How can I prevent a stroke?

A stroke occurs when the blood supply to part of the brain is cut off. This can last from a few seconds to a couple of minutes. Even if the brain is deprived of oxygen-carrying blood for a minute or two, brain cells can die, damaging the brain. Given the risks of stroke, preventing stroke is a highly desirable goal.

It should be noted that people cannot always prevent a stroke. Some necessary surgeries can create the risk of stroke, especially for people with congenital heart defects. In these cases, the benefits of surgery outweigh the risk of stroke.

For most people, stroke prevention should start in childhood, but if it doesn't, any effort to prevent a stroke in adulthood can also lower the chance of having one. For example, children can start to prevent a stroke from happening by eating healthy diets and getting plenty of exercise. Diets should be low in saturated fat, especially for children over the age of five, since one of the main causes of stroke is the buildup of plaque in the arteries. Plaque buildup can break off and form a blockage of blood to the brain.

As we age, we may pick up some habits that are less likely to help us prevent a stroke. Smoking, for example, greatly increases our chances of having a stroke. Poor diet and lack of exercise can make it harder to prevent a stroke. They can lead to conditions like high blood pressure and diabetes, which are risk factors that contribute to strokes.

Although hormone-based oral contraceptives are in common use, they can increase the risk of stroke. This risk increases as we age. Smoking and using hormonal birth control, especially after the age of 35, can greatly increase the chance of having a sudden stroke.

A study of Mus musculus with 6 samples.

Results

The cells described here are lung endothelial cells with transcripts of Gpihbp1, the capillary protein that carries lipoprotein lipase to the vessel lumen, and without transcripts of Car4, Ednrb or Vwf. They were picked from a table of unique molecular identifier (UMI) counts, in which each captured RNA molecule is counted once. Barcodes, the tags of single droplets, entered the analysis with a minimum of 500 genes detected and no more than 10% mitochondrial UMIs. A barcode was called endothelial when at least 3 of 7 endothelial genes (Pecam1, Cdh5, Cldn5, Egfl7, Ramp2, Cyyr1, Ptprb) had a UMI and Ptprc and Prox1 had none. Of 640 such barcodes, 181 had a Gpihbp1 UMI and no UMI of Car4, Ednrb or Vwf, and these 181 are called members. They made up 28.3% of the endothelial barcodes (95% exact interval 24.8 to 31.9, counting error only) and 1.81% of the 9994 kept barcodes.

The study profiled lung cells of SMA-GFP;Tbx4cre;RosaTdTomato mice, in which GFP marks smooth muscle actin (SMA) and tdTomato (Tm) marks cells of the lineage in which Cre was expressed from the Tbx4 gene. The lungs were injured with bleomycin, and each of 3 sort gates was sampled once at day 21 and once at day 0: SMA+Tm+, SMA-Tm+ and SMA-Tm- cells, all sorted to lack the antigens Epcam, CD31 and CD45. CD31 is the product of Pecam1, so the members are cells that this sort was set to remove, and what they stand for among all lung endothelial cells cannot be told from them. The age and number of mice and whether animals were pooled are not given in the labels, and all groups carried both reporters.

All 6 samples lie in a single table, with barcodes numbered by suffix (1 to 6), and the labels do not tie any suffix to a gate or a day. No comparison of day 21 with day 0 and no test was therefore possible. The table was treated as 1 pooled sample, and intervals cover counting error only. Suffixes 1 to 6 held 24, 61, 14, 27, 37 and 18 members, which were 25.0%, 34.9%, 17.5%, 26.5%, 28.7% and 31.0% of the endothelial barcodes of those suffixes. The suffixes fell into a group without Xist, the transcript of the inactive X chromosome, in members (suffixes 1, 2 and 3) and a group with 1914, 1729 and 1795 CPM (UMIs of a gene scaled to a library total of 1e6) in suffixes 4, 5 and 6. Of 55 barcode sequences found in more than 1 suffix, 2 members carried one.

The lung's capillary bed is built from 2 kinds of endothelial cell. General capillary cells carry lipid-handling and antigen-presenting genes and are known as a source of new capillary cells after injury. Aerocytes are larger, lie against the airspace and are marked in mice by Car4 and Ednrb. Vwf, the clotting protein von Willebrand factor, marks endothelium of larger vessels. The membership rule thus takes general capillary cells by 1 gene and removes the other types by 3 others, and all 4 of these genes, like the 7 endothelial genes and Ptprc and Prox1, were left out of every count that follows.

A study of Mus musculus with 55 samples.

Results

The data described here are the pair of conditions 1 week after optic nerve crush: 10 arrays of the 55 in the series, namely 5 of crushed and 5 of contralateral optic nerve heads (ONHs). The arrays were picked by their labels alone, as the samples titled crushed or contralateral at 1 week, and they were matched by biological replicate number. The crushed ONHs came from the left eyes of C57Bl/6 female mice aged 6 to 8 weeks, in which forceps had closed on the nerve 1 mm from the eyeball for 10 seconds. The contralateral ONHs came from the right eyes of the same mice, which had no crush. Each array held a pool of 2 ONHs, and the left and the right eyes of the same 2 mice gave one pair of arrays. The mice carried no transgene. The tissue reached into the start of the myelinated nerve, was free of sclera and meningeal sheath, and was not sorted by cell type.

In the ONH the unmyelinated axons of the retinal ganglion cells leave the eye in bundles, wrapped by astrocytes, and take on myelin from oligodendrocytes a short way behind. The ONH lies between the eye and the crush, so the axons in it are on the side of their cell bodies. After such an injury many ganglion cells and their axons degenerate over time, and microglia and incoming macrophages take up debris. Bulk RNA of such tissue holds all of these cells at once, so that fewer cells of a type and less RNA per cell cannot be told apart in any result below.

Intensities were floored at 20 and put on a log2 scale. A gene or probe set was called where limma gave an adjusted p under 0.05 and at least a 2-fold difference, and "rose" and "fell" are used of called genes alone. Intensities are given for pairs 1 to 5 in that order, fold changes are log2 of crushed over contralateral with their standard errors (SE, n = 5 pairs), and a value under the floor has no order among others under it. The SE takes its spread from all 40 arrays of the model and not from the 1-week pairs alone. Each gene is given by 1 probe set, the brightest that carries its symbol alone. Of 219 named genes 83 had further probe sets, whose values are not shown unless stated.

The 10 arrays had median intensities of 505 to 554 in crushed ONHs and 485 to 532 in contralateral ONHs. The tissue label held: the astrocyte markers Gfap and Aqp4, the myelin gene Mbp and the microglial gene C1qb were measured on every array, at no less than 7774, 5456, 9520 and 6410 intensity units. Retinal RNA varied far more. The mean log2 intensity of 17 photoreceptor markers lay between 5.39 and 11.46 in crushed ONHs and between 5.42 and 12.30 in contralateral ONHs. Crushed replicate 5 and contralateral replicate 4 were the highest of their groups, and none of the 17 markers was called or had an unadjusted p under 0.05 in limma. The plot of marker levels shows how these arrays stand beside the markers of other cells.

Overweight people are often at increased risk of stroke. People carrying extra pounds should try to modify their diet and get at least 30 minutes of aerobic exercise a day. Even if you don't lose much weight, a healthier diet and daily exercise can help prevent a stroke.

The main ways to prevent a stroke are as follows:

  • Do not smoke
  • If you are diabetic, monitor glucose levels carefully.
  • Eat a diet low in saturated fat.
  • Exercise 30 minutes a day.
  • Do not use hormonal birth control (the pill, the patch, the shots).
  • Use alcohol in moderation and avoid excessive drinking.
  • Get yearly checkups to control your blood pressure levels.
  • Try to lose weight if you are overweight through a healthy diet and exercise.
  • Keep blood cholesterol levels low.

    Sometimes people have a family history that works against them in trying to prevent a stroke. A person who eats a healthy diet may still struggle with high cholesterol, diabetes, abnormal heart rhythms, or high blood pressure. Knowing your family history can help you prevent stroke, because there are medications to treat these conditions. Most importantly, if your family's medical history contains risk factors for stroke, stay under a doctor's care regularly to monitor these risk factors and check them with medications as needed.